The deluge of rain that's pummeled southeastern Texas has sent rivers surging to levels not seen in decades.
The rising Brazos River has forced the evacuation of hundreds from Simonton to Richmond and is expected to hit a record eight and a half feet above flood stage.
An area that's no stranger to flooding has still found itself overwhelmed, reports CBS News correspondent Manuel Bojorquez.
"Yeah, you're prepared but you're not prepared for eight or nine feet of water," said one resident.
Four days of torrential rains have caused flooding now blamed for six deaths along the Brazos. The Brazos River Authority says every single one of the 11 reservoirs fed by the swollen river are already 95 to 100 percent full.
Dozens of people in Fort Bend County needed to be rescued Monday after ignoring earlier warnings to evacuate.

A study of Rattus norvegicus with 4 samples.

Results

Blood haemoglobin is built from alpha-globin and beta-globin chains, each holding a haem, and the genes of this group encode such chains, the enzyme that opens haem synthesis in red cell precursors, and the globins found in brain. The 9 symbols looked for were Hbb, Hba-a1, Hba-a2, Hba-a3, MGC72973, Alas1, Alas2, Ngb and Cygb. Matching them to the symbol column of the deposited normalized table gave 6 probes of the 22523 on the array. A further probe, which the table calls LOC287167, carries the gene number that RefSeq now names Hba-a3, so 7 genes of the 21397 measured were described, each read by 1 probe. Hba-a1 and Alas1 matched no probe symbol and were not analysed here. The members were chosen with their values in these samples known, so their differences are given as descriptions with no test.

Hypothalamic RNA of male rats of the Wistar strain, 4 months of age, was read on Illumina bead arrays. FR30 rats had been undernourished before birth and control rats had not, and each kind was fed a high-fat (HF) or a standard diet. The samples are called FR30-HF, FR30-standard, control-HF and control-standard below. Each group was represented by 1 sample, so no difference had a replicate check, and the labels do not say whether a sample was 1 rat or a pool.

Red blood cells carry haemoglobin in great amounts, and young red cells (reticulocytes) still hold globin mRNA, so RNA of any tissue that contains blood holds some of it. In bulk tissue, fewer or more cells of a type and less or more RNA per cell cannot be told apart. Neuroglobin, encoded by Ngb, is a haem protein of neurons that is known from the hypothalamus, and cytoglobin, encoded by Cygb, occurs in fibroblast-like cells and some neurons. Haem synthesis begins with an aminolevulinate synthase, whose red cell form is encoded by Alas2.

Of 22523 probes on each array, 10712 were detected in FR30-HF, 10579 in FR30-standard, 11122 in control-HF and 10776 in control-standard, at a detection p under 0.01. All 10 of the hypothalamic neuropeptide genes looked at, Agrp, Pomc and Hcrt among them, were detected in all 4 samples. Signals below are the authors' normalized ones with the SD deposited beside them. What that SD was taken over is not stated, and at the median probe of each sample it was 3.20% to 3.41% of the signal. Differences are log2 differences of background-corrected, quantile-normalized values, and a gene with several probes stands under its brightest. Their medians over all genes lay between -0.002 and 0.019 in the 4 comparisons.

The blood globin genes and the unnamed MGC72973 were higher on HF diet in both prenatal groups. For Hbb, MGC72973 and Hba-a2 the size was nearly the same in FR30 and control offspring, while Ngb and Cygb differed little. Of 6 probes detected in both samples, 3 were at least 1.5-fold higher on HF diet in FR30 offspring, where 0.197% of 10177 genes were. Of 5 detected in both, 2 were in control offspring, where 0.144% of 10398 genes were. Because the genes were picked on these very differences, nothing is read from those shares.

Alice Gracias was shocked after she returned to see the damage to her home. With no flood insurance, she now will have to rebuild the property left to her by her father.
"It's really sad. Thirty-three years and never ever seen it like this," Gracias said.
Now, with more rain on the way, waterlogged areas could see another round of flooding.
"That is a very disturbing prospect because the rivers are full, the ditches are full and if we get more rain on top of it, that water's not going to have any place to go," said Jeff Braun of the Ford Bend County.
Brazos River will remain at major flood stage for the next few days at least. This area could see up two more inches of rain between now and Friday.